I refuse to be your pawn
I once dreamed of working in the government. My goal has always been to work for the Department of Tourism or the Tourism Promotions Board. But right after graduation, it didn’t really go the way I imagined it to be. I didn’t get a callback for the different positions I applied for. I think one of the reasons was that I still did not have civil service eligibility at the time.
I became depressed when I failed the exam on my third attempt. When I finally resigned from my first job and started applying again, new opportunities came. I unexpectedly got hired by a local government as a writer. It was one of the applications that I got accepted to. I was also offered a job by the oldest running local newspaper outlet in the country to be a freelance correspondent.
I was excited and very motivated. Aside from working in government, I also aspired to be a journalist. It felt like I would be able to hit two birds with one stone. Not only would I be working in the government, but I would also work as a journalist. I was happy. I covered events and government programs held by the local government. I got the opportunity to travel around the province and meet people, know their stories, and write about them.
I still remember the happiness I felt when my article got published for the first time in a local newspaper. I was in a good place, and more importantly, I loved what I did.
What I didn’t know was that when I took this job in April 2018, it was to gear me up for the local elections in May 2019.
Suddenly, I was no longer writing about the programs of the local government and people’s stories. Everything became politicized—in fact, I realized it was politicized from the very beginning. I was writing to make a good name for this politician. My skills and talents were not being used in the right way anymore. I was disappointed to realize that I was not functioning as a journalist. I had become a PR writer.
It was that realization that changed my enthusiasm and motivation. I was once proud to see my articles getting published with my byline. But not anymore.
I have been in service as a writer for three years now, and I have already seen and been exposed to so much darkness in local politics. Sometimes, I’d rather not tell people what I really do for a living because I fear being labeled and judged.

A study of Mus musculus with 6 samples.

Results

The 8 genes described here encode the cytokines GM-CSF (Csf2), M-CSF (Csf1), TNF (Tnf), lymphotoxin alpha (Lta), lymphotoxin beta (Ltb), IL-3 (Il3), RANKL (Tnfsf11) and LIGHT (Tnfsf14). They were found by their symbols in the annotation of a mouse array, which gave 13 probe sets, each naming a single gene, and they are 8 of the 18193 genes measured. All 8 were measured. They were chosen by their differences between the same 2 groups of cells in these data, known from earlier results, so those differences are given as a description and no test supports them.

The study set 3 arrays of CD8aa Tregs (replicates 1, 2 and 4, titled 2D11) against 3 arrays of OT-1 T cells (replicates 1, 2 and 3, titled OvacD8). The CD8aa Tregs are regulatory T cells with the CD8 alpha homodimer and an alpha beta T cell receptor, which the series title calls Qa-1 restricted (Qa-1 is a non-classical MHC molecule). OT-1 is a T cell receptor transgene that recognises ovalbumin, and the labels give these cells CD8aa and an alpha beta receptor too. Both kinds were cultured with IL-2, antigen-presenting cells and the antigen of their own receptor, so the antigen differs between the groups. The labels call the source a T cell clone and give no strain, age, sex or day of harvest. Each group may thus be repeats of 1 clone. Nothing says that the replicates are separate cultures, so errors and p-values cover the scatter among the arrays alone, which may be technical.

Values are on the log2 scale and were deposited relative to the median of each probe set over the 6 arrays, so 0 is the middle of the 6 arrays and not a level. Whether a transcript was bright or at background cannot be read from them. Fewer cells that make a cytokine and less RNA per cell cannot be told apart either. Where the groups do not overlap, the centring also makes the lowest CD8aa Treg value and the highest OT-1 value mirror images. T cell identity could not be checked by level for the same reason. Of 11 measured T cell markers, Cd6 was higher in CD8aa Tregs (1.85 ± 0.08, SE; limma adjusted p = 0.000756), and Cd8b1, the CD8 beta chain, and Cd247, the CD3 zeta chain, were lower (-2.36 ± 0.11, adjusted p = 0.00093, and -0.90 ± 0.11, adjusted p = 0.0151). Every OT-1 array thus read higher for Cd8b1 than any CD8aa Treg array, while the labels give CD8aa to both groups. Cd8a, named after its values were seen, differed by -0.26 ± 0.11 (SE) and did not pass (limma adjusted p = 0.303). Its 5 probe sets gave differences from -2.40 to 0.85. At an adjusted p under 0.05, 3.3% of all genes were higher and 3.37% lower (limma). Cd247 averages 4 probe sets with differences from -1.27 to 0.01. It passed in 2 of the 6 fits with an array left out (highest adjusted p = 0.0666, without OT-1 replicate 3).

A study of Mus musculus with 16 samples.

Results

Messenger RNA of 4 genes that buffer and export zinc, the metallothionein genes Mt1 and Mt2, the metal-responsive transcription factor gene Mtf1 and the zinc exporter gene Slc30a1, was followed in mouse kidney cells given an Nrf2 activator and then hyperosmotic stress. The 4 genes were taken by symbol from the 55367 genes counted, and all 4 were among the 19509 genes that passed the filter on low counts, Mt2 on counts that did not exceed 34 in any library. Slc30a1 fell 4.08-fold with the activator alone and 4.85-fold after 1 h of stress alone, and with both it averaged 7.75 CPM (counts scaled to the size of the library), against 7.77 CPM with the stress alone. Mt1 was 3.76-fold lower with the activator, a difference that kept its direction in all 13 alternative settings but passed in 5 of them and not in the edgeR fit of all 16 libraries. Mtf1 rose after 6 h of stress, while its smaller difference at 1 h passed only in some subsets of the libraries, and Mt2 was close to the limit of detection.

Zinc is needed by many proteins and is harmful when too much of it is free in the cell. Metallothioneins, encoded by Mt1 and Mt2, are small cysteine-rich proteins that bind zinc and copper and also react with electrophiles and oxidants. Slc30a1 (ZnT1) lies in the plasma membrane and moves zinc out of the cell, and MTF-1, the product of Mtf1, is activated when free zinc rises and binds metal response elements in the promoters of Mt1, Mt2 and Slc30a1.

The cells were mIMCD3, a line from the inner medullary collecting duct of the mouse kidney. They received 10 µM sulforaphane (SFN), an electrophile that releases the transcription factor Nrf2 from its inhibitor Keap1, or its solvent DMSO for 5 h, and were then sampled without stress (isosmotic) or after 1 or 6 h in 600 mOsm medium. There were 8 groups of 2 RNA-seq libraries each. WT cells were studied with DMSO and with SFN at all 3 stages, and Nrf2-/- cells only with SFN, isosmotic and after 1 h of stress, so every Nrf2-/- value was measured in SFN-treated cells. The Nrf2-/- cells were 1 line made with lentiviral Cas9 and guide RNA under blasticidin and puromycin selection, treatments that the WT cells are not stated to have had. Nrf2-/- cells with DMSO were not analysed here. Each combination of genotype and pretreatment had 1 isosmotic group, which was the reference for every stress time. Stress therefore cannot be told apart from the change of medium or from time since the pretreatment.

Just because I am working in government doesn’t mean I agree with everything it does or say. I have my own stand, and I will always stand with the people and with what is right. I just need to keep in mind that I am working for the people and not for this politician. I am doing public service.
Or is this just me downplaying the situation and comforting myself?
Still, I cannot afford losing my job for speaking up, since we are still in a pandemic. I am a contractual
employee earning just enough to pay the bills and support myself and my family, with little benefits.
Now that we are gearing up for the 2022 elections, it has become more difficult to express who I truly support or even share my political stand. As a writer, I am fully aware of the weight of responsibility of my work—that what I write can influence others. I would want to use my writing skills to voice out my stand and what I believe in, because more and more I feel I can no longer stay silent about the things happening around me.
While I may be deprived of self-expression because of my job, I am silently fighting for those I truly support.
This 2022, I hope that we will vote wisely. Every vote counts. Use your right of suffrage and vote for a leader who is not just capable, but who has the heart for true public service—someone who would rather serve than be served.
I wish I could have left this job sooner, because I do not know how much longer I can endure. I am not like the politician I work for. I will never be that person, because I refuse to be one of the pawns in their system or a piece in their games.
Choi In Ha (*a pseudonym), 25, is a writer working for a local government. She loves K-drama, reading books, and writing stories during her free time.
Subscribe to INQUIRER PLUS to get access to The Philippine Daily Inquirer & other 70+ titles, share up to 5 gadgets, listen to the news, download as early as 4am & share articles on social media. Call 896 6000.